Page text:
Why Stranger Things 4's Finale Breaks Its Rules & Uses A 1990s Song

Warning: contains SPOILERS for Stranger Things season 4, volume 2.

A specific Stranger Things season 4 finale song is a bit eyebrow-raising as it was released a decade after the show's events, but there's a good reason for the '90s song inclusion. Stranger Things is pretty purposeful with its music, and its use of Moby's 1995 song "When It's Cold I'd Like To Die" is no exception. However, even Stranger Things' non-diegetic music is from the 1980s and earlier. Therefore, it's particularly noticeable that "When It's Cold I'd Like To Die" completely ignores the show's time period constraints.


It's not the only instance when Stranger Things has used a song released after the season's year setting. In Stranger Things season 1, episode 4 "The Body," Joy Division's 1988 song "Atmosphere" plays despite the season being set in 1983. With that said, "When It's Cold I'd Like To Die" remains the show's only '90s song.

Related: Stranger Things 4: What Max's Song Really Means

Just like Eddie's Upside Down song "Master of Puppets," there are layers of meaning to the use of Moby's song. Played during Eddie (Joseph Quinn) and Max's (Sadie Sink) simultaneous death scenes, the use of a '90s song in a show set in the '80s may seem jarring even if the mood provided by the song is undeniably powerful and appropriate for the moment. Nonetheless, by looking deeper into why it plays during the scene, the use of "When It's Cold I'd Like To Die" in Stranger Things' season 4 finale is made more understandable.

Where Else Stranger Things Used Moby's Song "When It's Cold I'd Like To Die"

Jim Hopper Joyce Byers and Will Byers in Stranger Things

Stranger Things season 4's use of "When It's Cold I'd Like To Die" is actually a season 1 callback, making its otherwise confusing inclusion a lot more understandable. In the season 1 finale, the song plays while Joyce (Winona Ryder) and Hopper (David Harbour) are resuscitating Will (Noah Schnapp). Scenes of Hopper's daughter Sara dying flash intermittently while he guides Joyce through CPR to show the deeper stakes Will's resuscitation holds for Hopper. Saving Will means more than saving a child's life to Hopper. Saving Will gives Hopper some redemptive healing after traumatically watching doctors fail to resuscitate his own child.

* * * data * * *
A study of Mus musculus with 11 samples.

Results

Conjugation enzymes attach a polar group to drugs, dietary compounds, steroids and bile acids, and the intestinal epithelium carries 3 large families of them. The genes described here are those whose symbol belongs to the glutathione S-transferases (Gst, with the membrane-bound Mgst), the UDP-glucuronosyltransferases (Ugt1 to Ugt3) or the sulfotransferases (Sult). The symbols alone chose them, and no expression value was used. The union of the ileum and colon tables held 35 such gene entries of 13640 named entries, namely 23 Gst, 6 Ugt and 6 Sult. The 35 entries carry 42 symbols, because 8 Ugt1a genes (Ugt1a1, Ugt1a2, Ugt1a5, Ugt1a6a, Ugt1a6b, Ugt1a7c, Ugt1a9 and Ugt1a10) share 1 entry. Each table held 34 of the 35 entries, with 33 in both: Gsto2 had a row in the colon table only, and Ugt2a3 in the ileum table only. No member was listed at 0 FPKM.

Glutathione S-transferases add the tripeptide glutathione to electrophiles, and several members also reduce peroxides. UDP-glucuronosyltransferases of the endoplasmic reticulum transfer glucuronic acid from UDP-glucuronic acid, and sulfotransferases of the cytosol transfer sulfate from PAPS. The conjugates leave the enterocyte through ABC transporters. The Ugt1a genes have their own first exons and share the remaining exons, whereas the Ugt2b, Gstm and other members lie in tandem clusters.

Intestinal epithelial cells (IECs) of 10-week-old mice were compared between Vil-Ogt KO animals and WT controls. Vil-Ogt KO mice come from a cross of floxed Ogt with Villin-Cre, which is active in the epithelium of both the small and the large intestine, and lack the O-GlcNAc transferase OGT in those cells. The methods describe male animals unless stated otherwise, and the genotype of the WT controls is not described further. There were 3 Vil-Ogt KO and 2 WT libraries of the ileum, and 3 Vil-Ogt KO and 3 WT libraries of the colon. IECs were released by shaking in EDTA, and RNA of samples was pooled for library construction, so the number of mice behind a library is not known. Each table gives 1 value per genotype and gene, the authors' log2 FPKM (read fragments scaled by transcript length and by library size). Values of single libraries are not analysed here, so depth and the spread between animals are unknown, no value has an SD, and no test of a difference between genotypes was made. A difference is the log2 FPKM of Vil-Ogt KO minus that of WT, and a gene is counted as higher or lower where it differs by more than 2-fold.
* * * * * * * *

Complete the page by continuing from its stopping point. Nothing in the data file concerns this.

While Stranger Things could have used a song from the '80s that conveyed a similar emotion during that scene, Moby's "When It's Cold I'd Like To Die" carries a particular level of emptiness needed for the moment. It's a song about giving up, especially in the face of abandonment. The song's most famous use prior to Stranger Things was at the end of season 6, episode 2 of The Sopranos during Tony's (James Gandolfini) comatose dream. In that instance, the song highlights Tony's hopelessness in the face of increasing alienation caused by the mobster life.

What Moby's Song Really Means In Stranger Things 4

Stranger Things 4 Vol 2 Eddie Death Dustin Holding Him

From Stranger Things' heavily-used Max memories to Vecna's (Jamie Campbell Bower) trauma-based killing methodology, Stranger Things season 4 uses flashbacks and memories quite thematically. This theme becomes exemplified by the season 4 finale's use of a season 1 finale song in an almost identical fashion. The scene of Eddie dying permanently while Max dies, only to later come back to life because of Eleven (Millie Bobby Brown) intervening, greatly parallels the season 1 scene in which the song was previously used. Allegorically speaking, the season 4 scene replaces Sara Hopper with Eddie and Will with Max. The contexts of their respective deaths are slightly changed, for Eddie's death is not a flashback but a simultaneously-happening moment. In addition, Max's Stranger Things season 4 fate is undetermined but grim, unlike Will, who fully came back to life in the season 1 scene. Stranger Things plays an interesting risk of reaching beyond its 1980s world by using the '90s song twice in the show. Nonetheless, Moby's "When It's Cold I'd Like To Die" creates the perfectly haunting, empty tone necessary for both Stranger Things scenes, with its thematic callback nature in season 4 giving the song an added level of meaning.